It’s a cloudy and gray summer Friday in New York City, but Junglepussy’s vibe is just right.
“It’s my favorite kind of weather,” says the 26-year-old rapper born Shayna McHayle, at home in her Brooklyn apartment. “I see that as even more reason to bring light and sunshine to whatever I’m doing.”
She approaches most things in life that way. Raunchy and emphatically real both in her music and her public image, the Brooklyn-born West Indian Junglepussy styles herself in exuberant tropical colors and patterns and changes her weave to match her mood, all while emanating a spiritual-guru level of self-assurance: It's the power of the Pussy.
Her first two projects, 2014’s Satisfaction Guaranteed and 2015’s Pregnant With Success, established her as a hilariously biting, bodacious beacon for sex positivity and female empowerment. It even earned her a fan in neo-soul goddess Erykah Badu. With her acclaimed third album, JP3, which dropped this past May and is being followed up by an 18-stop headlining North American tour, Junglepussy reaffirms her place as a standout indie-rap poet with a razor-sharp voice.
“The whole thing is real. The whole thing is me,” she declares of JP3. She's particularly proud of shifting from writing about the people who hurt her in the past to celebrating her sexuality and personal growth.
“I need to learn how to continue to do that," she says, admitting she tends to reflect and overthink. "I want to make the kind of music that lifts spirits and just lifts your vibe and reminds you of your awesomeness.”
In the two-and-a-half-year span between her last two records, Junglepussy toured with Le1f and across Europe, wrote music, and accepted an invite to lecture at Yale, where she presented the open-format Q&A “Self Love. Bodacious Rap.” A former student at New York's Fashion Institute of Technology, she also walked in shows for DKNY, appeared on the cover of a Barney’s catalogue, and most recently made her feature film debut acting alongside Regina Hall in the comedy Support the Girls, which hit theaters last month.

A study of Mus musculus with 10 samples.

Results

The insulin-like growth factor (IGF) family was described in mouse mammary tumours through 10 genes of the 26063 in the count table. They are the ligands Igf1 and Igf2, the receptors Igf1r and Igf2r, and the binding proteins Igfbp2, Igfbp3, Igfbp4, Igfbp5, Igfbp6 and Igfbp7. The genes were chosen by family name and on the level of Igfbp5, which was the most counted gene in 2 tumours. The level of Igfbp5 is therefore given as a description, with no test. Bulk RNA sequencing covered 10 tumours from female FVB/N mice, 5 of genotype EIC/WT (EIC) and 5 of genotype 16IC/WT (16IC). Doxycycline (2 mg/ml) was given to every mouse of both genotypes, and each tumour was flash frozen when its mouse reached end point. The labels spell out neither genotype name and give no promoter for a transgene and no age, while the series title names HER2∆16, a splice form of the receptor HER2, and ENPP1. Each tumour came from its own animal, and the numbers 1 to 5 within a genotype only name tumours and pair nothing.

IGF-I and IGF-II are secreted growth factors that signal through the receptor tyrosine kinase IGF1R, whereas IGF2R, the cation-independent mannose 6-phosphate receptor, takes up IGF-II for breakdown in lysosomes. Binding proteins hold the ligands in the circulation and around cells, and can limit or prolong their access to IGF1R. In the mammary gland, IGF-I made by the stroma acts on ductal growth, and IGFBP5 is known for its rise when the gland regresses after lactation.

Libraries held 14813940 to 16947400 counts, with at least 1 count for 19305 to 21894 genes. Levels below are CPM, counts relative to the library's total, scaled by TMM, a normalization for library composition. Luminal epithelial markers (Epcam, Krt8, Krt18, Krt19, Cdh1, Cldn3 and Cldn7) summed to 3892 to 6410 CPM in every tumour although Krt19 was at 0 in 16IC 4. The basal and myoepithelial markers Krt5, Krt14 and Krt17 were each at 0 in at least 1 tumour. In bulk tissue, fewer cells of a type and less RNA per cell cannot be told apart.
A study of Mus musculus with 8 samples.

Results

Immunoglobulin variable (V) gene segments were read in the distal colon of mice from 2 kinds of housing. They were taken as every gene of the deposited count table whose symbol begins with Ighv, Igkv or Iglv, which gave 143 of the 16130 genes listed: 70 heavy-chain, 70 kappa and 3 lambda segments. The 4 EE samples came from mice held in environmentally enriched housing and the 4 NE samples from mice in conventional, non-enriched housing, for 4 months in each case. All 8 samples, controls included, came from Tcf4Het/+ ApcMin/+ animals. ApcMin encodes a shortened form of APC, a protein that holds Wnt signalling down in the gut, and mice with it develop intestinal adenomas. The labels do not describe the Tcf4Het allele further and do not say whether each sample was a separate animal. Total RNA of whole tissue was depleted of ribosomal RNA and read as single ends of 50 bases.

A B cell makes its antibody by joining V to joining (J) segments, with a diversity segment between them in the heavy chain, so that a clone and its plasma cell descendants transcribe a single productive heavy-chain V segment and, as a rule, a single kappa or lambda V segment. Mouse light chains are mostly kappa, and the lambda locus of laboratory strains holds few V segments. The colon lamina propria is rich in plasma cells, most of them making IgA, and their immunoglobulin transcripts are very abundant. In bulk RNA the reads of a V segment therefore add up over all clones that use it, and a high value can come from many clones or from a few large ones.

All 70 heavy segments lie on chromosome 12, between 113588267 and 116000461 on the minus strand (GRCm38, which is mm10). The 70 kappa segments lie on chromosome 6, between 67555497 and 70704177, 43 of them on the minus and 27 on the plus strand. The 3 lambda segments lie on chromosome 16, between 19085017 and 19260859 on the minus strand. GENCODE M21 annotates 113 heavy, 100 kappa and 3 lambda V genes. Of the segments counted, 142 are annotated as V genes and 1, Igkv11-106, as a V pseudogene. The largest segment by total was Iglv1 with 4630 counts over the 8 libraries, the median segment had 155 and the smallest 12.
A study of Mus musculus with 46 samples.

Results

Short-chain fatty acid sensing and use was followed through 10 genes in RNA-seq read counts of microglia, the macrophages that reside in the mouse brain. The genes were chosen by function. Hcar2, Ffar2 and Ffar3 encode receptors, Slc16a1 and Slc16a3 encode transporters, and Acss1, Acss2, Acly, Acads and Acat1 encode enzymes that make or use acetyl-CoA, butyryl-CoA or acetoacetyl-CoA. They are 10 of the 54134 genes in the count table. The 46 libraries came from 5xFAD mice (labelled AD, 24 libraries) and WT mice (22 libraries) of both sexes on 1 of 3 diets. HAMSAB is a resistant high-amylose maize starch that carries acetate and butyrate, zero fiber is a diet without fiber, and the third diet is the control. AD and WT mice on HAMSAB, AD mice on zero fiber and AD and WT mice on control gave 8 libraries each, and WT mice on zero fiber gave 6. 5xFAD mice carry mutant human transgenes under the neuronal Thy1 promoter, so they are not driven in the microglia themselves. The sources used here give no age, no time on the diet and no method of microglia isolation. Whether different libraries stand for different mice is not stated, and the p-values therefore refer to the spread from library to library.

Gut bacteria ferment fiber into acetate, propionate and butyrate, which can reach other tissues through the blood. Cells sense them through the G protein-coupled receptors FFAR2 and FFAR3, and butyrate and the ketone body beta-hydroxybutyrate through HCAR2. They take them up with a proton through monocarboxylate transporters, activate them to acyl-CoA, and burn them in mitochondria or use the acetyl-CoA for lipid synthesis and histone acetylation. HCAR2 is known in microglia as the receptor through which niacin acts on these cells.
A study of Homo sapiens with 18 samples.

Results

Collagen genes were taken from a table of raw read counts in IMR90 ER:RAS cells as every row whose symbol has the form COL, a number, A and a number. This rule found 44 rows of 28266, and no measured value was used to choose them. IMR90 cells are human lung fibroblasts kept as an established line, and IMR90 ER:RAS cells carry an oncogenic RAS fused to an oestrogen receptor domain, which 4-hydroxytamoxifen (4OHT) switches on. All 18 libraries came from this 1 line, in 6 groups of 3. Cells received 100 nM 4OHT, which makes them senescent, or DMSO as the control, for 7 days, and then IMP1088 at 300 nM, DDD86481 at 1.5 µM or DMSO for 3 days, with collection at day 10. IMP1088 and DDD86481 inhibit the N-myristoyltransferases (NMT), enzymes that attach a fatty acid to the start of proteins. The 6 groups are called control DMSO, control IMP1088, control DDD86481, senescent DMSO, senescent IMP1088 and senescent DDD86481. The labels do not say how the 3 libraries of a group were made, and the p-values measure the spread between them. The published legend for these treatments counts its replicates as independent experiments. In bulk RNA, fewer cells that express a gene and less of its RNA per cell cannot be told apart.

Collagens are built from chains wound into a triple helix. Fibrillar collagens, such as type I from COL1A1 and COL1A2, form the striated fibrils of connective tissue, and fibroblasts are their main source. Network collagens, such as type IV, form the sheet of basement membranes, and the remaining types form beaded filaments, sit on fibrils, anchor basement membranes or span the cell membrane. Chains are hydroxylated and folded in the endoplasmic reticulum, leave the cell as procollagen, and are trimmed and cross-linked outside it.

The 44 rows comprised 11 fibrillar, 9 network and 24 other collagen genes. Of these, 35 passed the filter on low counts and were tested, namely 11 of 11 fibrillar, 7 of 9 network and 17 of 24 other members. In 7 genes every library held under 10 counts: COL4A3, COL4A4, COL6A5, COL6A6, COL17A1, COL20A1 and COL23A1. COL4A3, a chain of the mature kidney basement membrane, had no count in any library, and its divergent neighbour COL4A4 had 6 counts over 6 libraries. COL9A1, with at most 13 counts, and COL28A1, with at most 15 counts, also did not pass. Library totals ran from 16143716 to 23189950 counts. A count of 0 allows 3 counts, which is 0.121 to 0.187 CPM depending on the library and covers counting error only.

For a woman who thrives when taking the creative lead, it was a new challenge to relinquish control of visuals for “All of You,” a funkier bit taken from JP3. Rather than work the treatment and do the styling herself, she handed the reins to heavyweight hip-hop video director Va$htie, who created a grainy black-and-white clip that strips Junglepussy down to her bare elements.
Despite her wry, jubilantly empowered bars and “pussy-muscle hustle,” not all of Junglepussy’s female collabs have ended as well. About a year ago, in the thick of developing initial visuals for the then-untitled new project, Junglepussy connected with a videographer who ultimately abandoned her without completing the work.
“I’m still just so stunned that this woman came and just stole my money,” says the artist, who continues to self-fund much of her work. She bounced back (“I really don't know how I did, but thank God I did.”) And even though she’s still on the fence about outing the deadbeat videographer, it's more likely Junglepussy will continue shining her own light and letting karma handle the rest.